Saunders: America's Oreos are watermelon

Staff writerJune 30, 2013 

Sure, our government may be listening in on our phone conversations and monitoring what we watch on the Internet.

That’s right, fellas.

And yes, the U.S. Supreme Court is trying to turn the clock back to pre-Civil War days.

On top of everything else, Jesse Jackson has somehow insinuated himself into the whole Paula Deen affair.

Despite those troubling signs as we prepare to celebrate in three days our nation’s birthday, there is at least one thing that we can all be thankful for, one thing that confirms America’s status as the greatest country on earth:

Watermelon-flavored Oreo cookies.

You read correctly. We now live in a country in which two of the greatest creations ever have been combined.

My country ‘tis of thee, indeed.

Speaking of Oreos, there’s also one on the Supreme Court.

Once upon a time I was ashamed to enjoy watermelon publicly lest someone surreptitiously snap a picture of me with my head inside one and post it onto the Internet.

There are, no doubt, probably still some unliberated people who will deny themselves a sweet, fresh, juicy melon because of the historical stereotype associated with it.

Fret not, y’all. With the invention of watermelon bubble gum, milkshakes and now cookies, anyone can enjoy the essence of a melon without having to lug one home in a bowling bag. You can even sneak them into the movie theater, something only the most intrepid of us would do with a real, live watermelon.

As one would anything that sounds too good to be true, you have to approach the Watermelon Oreos cautiously — after you find a store that sells them, that is.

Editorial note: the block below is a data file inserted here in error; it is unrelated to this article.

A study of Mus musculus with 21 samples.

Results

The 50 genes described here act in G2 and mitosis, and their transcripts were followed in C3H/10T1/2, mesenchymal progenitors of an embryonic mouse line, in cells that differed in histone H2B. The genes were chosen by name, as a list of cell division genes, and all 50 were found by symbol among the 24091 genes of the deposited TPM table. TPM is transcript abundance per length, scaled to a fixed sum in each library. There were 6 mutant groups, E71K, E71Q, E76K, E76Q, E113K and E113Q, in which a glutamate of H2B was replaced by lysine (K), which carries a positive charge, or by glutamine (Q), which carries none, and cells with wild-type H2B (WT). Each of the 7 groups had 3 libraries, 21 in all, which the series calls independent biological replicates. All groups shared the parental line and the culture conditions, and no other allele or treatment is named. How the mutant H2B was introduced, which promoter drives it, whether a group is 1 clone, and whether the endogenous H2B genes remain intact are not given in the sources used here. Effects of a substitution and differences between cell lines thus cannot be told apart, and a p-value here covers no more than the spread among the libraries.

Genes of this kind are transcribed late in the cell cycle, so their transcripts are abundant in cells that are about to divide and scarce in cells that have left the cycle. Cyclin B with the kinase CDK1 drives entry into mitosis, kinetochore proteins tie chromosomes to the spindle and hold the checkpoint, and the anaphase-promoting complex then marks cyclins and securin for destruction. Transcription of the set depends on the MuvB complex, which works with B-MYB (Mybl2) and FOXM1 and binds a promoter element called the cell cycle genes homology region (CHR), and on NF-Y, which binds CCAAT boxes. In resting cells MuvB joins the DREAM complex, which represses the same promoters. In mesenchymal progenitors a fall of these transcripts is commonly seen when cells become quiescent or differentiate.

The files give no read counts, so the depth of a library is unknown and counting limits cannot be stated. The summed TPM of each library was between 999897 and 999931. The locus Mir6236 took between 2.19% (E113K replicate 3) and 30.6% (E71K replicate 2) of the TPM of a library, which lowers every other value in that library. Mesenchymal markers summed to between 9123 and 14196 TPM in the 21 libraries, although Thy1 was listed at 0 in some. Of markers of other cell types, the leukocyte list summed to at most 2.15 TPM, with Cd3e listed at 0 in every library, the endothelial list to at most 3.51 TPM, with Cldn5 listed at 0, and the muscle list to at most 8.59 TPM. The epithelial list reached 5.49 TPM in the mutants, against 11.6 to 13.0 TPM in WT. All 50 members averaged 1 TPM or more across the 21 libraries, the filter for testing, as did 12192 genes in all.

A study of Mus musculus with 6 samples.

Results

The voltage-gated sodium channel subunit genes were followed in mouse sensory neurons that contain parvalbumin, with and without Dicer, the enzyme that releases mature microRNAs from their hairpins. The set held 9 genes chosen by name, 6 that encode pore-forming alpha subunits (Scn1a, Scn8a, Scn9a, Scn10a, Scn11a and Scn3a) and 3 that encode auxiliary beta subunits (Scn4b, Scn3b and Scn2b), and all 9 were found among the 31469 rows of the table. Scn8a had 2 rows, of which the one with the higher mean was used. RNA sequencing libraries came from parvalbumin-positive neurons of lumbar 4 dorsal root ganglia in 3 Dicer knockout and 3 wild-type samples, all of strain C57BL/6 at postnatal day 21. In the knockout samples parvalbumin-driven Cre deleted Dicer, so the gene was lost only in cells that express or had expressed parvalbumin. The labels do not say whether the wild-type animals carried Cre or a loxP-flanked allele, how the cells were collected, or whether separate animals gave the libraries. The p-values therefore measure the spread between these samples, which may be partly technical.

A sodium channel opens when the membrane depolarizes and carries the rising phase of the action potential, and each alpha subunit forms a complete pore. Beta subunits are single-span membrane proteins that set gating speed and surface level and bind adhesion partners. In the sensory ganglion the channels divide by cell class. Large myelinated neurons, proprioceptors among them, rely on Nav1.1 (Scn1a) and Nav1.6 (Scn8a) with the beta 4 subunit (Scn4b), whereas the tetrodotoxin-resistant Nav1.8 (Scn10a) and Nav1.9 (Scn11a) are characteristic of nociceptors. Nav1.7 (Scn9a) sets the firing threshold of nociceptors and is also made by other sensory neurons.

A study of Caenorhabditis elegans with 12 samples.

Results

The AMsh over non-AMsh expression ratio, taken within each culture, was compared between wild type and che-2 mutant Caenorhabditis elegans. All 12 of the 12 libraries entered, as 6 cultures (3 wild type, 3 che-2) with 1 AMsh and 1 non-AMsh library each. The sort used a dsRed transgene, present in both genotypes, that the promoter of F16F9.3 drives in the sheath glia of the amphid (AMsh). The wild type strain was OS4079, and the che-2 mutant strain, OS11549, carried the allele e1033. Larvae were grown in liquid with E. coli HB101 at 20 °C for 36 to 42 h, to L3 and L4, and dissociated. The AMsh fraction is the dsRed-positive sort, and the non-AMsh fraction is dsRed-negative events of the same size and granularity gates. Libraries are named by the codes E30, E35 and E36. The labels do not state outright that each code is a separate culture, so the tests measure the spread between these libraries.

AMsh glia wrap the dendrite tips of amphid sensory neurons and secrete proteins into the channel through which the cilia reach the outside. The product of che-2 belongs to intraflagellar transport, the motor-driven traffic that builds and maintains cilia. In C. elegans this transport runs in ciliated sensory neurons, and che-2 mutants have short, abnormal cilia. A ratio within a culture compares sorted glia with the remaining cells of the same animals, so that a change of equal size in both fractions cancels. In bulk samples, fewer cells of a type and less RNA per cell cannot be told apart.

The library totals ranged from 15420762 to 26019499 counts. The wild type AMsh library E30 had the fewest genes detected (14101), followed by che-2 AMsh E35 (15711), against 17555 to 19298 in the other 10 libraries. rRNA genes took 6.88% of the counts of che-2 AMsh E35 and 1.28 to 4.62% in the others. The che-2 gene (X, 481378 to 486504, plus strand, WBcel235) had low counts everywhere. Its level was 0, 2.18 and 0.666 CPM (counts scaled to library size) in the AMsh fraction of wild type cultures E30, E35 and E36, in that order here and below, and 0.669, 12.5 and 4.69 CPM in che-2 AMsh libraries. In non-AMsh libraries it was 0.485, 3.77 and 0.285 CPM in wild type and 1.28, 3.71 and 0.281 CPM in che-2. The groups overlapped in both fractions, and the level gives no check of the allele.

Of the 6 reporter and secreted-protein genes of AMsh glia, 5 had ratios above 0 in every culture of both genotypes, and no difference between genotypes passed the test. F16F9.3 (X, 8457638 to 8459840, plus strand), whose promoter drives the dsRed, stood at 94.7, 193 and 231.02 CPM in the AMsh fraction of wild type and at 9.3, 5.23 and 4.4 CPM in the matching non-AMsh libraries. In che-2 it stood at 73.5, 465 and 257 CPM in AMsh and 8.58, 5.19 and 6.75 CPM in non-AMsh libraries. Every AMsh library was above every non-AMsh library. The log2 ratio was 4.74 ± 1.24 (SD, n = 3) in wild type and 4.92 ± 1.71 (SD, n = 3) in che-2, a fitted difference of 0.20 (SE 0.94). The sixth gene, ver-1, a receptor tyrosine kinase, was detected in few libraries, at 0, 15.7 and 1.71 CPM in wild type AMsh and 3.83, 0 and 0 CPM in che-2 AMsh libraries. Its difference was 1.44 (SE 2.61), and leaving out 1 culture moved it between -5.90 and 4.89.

I hitched up the covered wagon and set forth on a 23.1 mile journey which could bring me heartache or joy or both: heartache if they turned out to be yucky, joy if they turned out to be delicious, and both if they turned out to be delicious and I developed a terminal case of Dunlap disease because I couldn’t put them down.

Let the record show that they were not yucky. At least, the first 17 weren’t. After that, I was gobbling on autopilot.

See, I’d planned, with journalistic detachment, to eat two or three of those bad boys, just enough to let you, dear readers, know if you should waste the calories and money.

That detachment didn’t last long. Neither did two-thirds of the bag of cookies. I swear, I think I’m sweatin’ fructose here and the cacophony escaping my stomach is mimicking something Mozart might’ve composed after an all-night bender.

The first shock came upon opening the bag and discovering that the familiar cookie inside wasn’t so familiar after all. The cookie was blond and the appearance of the creme — hey, that’s how they spell it on the bag — inside was jarring, too. It was green and pink and looked, as someone noted in an online review - like a piece of Hubba Bubba.

Big deal. If history has taught us anything, it’s that Clarence Thomas is going to vote against minority interests, Jesse Jackson is going to find a way to get into the spotlight and that if you imbue anything with the essence of watermelon, it’s going to taste delightful — Hubba Bubba bubblegum, candy, milkshake.

There was even someone on the radio the other day explaining that you can grill watermelon. If you’ve been to the State Fair this millennium, you already know they can deep fry-Oreos.

What better way to celebrate America’s birthday?